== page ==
Zynga Inc (NASDAQ:ZNGA)’s change of heart may cost it its life. The company announced that it will no longer seek a real money gaming platform in the United States, choosing to focus on casual games to drive future performance.
So what does this mean for Zynga?
Why Zynga needs real money gaming
I’ve been a critic of Zynga’s plans for real money gaming, but not because it is an unprofitable venture. Rather, I feared that Zynga was making a move that would destroy shareholder value. I proposed that Zynga Inc (NASDAQ:ZNGA) should “sell” its members to another casino operator to enter gaming with an asset-light business model that would provide instantaneous profitability. Why do all the work necessary to open an online casino when you can ride the coattails of an already established player?
Online casinos pay hundreds of dollars to partners to recruit a single player. Zynga could simply cash in its millions of fake money players to collect upfront payments and royalties on their real money gaming at another online casino. No risk, huge rewards.
Unfortunately, recent statements shed zero light on the strategy Zynga plans to follow. If Zynga Inc (NASDAQ:ZNGA) intends to work as a partner and refer its members to another casino operator, the company would be a definite buy. Based on my numbers from an earlier article, Zynga is valued at roughly $35 for every fake money poker player.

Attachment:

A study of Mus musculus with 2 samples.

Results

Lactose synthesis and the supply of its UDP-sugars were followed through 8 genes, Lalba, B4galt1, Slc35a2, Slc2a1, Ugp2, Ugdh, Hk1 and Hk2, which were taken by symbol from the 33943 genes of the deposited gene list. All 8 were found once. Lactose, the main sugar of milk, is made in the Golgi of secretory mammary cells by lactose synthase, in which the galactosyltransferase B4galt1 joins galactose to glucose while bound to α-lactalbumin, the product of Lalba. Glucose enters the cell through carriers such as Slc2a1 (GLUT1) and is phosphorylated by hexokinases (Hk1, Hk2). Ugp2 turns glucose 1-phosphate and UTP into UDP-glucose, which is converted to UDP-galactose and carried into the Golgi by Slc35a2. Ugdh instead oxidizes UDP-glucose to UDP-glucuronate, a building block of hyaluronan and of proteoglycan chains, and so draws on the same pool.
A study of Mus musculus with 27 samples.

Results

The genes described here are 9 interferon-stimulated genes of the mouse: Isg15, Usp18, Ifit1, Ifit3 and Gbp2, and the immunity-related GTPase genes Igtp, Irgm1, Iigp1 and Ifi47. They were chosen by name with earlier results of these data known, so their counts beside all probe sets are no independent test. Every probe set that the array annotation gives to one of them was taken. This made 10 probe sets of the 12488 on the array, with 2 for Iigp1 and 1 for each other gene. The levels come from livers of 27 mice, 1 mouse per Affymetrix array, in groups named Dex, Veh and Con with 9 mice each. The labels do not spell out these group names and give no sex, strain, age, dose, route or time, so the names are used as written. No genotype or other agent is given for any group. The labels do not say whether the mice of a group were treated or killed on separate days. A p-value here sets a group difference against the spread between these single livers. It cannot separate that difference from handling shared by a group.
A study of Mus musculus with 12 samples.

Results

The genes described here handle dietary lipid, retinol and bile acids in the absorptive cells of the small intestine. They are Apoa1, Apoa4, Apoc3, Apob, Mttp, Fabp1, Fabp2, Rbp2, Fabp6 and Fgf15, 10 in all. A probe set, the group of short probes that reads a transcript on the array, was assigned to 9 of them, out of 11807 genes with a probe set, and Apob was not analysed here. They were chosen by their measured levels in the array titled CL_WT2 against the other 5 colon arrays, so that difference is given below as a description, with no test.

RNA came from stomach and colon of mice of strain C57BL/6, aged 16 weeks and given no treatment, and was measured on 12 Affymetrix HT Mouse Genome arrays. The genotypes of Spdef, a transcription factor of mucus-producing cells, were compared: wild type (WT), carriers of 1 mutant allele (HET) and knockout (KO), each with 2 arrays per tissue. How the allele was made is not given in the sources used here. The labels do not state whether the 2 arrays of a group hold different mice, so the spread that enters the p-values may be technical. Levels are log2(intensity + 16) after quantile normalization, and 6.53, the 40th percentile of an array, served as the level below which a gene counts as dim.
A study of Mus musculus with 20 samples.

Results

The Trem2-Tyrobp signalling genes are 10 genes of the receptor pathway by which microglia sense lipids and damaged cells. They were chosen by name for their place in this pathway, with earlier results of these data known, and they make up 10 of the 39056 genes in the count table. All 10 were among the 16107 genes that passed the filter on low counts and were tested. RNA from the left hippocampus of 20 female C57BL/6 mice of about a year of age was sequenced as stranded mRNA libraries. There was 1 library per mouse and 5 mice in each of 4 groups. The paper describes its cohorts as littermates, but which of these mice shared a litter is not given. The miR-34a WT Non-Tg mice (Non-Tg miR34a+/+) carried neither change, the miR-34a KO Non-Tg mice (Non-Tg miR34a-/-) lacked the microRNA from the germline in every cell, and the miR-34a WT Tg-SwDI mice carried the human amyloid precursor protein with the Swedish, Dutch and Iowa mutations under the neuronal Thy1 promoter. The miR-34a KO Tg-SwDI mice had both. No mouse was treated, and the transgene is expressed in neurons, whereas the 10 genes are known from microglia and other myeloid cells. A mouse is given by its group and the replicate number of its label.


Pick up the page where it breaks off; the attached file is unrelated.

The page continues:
That’s pretty low, especially when one considers that a casino will pay $200 or more for a real money player, and that Zynga has other profitable games that could be left to “run off” and pay millions per year to the company until the cash flows eventually go to zero.
Assuming a 10% conversion and $200 payment per player, Zynga Inc (NASDAQ:ZNGA) would nearly cover its entire market valuation in a single year and grab very valuable cash it could use to invest to find new, free-money players. Zynga needs to be the “farm team” for existing casinos.
Did Candy Crush lure Zynga back to casual games?
I see little reason for Zynga Inc (NASDAQ:ZNGA) to spend more to build out its casual gaming business. The company finds little success in this hyper-competitive business where the average customer sticks around for only a few months.
In just the past year, a new studio claimed the title as the number one Facebook Inc (NASDAQ:FB) game publisher. A hit game by competitor King.com, Candy Crush, popped on the scene, and its success is met with an estimated $200 million of annual sales. If nation-wide cable advertising is any indication, Candy Crush is making a mint from players on all platforms.
Zynga only wishes it had a game like Candy Crush in its roster.
In the latest quarter, Zynga reported second quarter revenue of $230.7 million, besting expectations of $183 million. However, higher sales didn’t lead to profitability. Once again, Zynga Inc (NASDAQ:ZNGA) recorded a quarterly loss of $15.8 million in net income.
Bookings, a measure of future quarterly revenue, fell 38% year-over-year to $188 million.